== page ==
Welcome to this week’s 21st Century Technology headlines. Each week I select a few interesting stories about technological innovation that can help us tackle the problems we face this century. As always I encourage you to comment, ask questions and provide input on topics I write about or feature. This week focuses on drip irrigation in India, biomedical technology that could replace doctors, using computers as a prescription against dementia, a new filtering technology that could help clean up oil spills, and some novel concepts for supersonic commercial aircraft. Enjoy the read.
Agriculture Update: Netafim Irrigation Technology – A Scarce Water Solution
A leaky water pipe and a flourishing tree revolutionized irrigation over 50 years ago and what was discovered by accident has led to the development of micro-irrigation products by a company in Israel called Netafim. Its micro-drip technology adapts to operational and environmental conditions maintaining directed water flow to field or greenhouse crops. Today the company is providing training and assistance to farmers in 110 countries developing micro-irrigation solutions that increase water use efficiency to 95%. In April Netafim opened a new facility in India to assist more than 50,000 farms in the country. India, a country with 1.2 billion people , 17% of the world’s population, contains only 4% of its fresh water. With 77% of that water designated for agriculture, maximizing water use is critical to increasing crop yields. Crops under micro-drip irrigation include cotton, sugarcane, potatoes and bananas grown in open fields as well as green houses.
Hey Doc – You May Soon Be Replaced by a Machine
At the Health Innovation Summit in late August in San Francisco, Vinod Khosla, a co-founder of Sun Microsystems and a partner in a health venture capital firm, described a future in which applications on smartphones would replace 80% of physicians. Khosla demonstrated AliveCor’s ECG Heart Monitor, a low-cost mobile device that enables a patient to monitor his or her heart health anywhere, anytime and that attaches to an iPhone. The monitor is one of a number of consumer-oriented medical products that Khosla’s firm is funding that allow consumers to measure and assess their own wellness. And with Watson (see last week’s headlines) learning to become a medical whiz on behalf of WellPoint Inc., machine learning systems may soon prove to be better at diagnosis than most doctors.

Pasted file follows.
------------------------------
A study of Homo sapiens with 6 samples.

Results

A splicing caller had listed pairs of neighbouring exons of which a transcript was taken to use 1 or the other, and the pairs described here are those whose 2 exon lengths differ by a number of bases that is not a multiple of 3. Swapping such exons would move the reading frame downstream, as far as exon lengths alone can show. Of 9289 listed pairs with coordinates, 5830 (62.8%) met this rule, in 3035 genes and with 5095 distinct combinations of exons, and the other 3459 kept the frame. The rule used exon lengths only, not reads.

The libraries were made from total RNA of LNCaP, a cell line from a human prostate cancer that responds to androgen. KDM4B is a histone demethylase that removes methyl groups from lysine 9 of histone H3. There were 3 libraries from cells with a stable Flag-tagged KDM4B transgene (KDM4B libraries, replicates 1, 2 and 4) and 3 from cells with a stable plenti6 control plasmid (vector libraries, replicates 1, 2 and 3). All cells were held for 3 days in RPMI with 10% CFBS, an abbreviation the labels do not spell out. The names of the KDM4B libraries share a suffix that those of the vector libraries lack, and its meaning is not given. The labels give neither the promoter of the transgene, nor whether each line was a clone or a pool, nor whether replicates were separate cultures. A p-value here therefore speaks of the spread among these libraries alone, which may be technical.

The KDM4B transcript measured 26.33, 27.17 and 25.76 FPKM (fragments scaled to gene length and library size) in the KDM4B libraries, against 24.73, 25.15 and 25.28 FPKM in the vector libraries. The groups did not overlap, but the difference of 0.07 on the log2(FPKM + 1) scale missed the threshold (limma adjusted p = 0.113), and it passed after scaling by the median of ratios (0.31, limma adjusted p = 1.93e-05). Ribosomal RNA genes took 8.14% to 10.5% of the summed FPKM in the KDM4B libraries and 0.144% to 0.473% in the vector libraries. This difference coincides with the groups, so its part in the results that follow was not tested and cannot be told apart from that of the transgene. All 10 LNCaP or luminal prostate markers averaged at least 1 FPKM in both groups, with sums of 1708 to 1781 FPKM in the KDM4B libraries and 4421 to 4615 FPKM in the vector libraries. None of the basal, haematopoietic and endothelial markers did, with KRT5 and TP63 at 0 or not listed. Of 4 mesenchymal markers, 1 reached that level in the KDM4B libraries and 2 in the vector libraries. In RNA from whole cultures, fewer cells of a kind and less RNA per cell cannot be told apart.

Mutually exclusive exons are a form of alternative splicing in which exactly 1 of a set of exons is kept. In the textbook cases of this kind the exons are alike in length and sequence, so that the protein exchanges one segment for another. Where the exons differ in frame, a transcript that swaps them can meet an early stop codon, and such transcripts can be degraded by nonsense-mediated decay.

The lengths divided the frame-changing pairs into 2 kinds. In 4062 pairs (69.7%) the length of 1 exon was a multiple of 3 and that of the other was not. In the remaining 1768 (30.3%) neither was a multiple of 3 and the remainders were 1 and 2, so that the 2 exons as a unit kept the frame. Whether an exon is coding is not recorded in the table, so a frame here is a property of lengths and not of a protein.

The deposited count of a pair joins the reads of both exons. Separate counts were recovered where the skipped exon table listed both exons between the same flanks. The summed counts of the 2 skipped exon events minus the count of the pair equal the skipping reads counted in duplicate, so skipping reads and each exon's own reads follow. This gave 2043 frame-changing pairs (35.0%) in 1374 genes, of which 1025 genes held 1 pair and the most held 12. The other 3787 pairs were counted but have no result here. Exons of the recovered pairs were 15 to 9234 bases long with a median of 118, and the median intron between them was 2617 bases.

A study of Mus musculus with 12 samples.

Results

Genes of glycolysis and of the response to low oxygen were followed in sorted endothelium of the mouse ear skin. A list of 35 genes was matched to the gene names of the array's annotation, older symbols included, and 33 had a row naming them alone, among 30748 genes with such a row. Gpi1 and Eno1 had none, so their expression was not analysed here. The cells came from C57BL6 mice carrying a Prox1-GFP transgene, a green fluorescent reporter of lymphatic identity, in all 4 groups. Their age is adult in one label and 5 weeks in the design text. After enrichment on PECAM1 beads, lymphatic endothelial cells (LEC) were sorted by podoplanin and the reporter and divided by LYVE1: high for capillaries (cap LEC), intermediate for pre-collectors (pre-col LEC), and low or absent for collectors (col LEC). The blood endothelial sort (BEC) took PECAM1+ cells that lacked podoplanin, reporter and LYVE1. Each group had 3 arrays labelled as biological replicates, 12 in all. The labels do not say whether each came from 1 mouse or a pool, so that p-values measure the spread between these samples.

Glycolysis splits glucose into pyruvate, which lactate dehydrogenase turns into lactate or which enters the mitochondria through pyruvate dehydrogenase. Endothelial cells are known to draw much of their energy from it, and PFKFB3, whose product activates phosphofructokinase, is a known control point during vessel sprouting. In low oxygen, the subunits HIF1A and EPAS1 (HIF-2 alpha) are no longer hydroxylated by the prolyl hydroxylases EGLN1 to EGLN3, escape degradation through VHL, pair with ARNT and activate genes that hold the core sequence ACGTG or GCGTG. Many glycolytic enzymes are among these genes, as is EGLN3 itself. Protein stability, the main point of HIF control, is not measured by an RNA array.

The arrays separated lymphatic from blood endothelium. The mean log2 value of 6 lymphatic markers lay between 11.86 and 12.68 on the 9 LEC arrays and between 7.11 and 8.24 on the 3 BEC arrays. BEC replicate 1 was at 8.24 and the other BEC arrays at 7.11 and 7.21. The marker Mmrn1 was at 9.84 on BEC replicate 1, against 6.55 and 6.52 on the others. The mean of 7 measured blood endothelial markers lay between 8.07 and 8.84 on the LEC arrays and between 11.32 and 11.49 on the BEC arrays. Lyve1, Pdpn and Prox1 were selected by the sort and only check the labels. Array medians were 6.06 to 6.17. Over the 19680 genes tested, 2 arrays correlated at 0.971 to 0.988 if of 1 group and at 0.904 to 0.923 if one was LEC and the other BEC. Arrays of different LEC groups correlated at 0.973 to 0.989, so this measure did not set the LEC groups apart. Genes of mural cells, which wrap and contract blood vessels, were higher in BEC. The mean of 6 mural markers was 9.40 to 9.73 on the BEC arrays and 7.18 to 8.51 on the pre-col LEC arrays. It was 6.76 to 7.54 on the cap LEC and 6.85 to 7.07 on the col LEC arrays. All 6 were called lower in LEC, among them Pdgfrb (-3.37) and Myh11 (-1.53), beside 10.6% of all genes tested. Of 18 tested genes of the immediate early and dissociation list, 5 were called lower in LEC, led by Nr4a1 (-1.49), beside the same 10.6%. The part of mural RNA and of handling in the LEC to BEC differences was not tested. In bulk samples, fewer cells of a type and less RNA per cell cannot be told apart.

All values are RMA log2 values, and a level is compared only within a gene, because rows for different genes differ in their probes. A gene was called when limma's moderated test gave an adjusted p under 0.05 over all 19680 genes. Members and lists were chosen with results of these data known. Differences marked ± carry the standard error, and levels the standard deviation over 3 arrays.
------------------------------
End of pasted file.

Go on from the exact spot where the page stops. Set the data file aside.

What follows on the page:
Using Computers to Stave off Dementia
Today dementia affects 13.3 per 1,000 population. But here is a prescription you can take if you are getting to your senior years like me. “Take one personal computer, laptop, tablet or smartphone session a day and call me in the morning because you’ll remember my number. According to a research study done by the University of Western Australia, regular computer use is a formula for lowering incidents of dementia in older males. The study followed 5,506 men between the ages of 69 and 87 for a period of up to 8 1/2 years. The results, a decrease in dementia rates of 40%. Computer usage was measured by frequency and type of activity. Follow up showed a correlation between frequency of computer use and cognitive abilities.
Environmental Technology Update: New Filter Separates Oil From Water
Imagine a filter that cleans up oil spills in the ocean or separates oil from water in fresh water treatment plants. In the past membranes separating water and oil have fouled up after a few hours. But not this technology created by engineers at University of Pittsburgh. The filtering agent consists of two compounds: POSS (fluorodecyl polyhedral oligomeric silsesquioxane) and PEGDA (polyethylene glycol diacrylate). When applied to surfaces such as wire screening, filter paper or fabric, water passed through while oil was blocked. Tests in the lab on canola oil and diesel fuel produced optimal results. Next in the plans, a field test in the ocean. Where are you BP?
Transportation Update: Is There a Supersonic Flying Wing in Your Travel Future?
NASA’s Innovative Advanced Concepts Program has awarded engineers at University of Miami $100,000 in funding to turn their bi-directional flying wing idea into a reality. The wing looks like a Ninja warrior’s star with four wings at 90 degrees to each other. When in subsonic flight the aircraft uses one set of wings. When in supersonic flight it rotates and uses its other set. The jet engines atop the aircraft re-align for the type of desired flight. For passengers on board, a 5-second rotation would create g-forces less than those experienced during commercial jet flights today.
Not to be outdone, engineers at Tohoku University in Japan have come up with a supersonic biplane concept that produces no sonic boom. Supersonic commercial air travel ended with the Concorde. Will we see it revive? Most experts believe concepts like these will take 20 years to go from the drawing board to commercial use. My bet is we will see sub-orbital commercial rocket service between New York and Tokyo before either of these two interesting airplanes ever fly.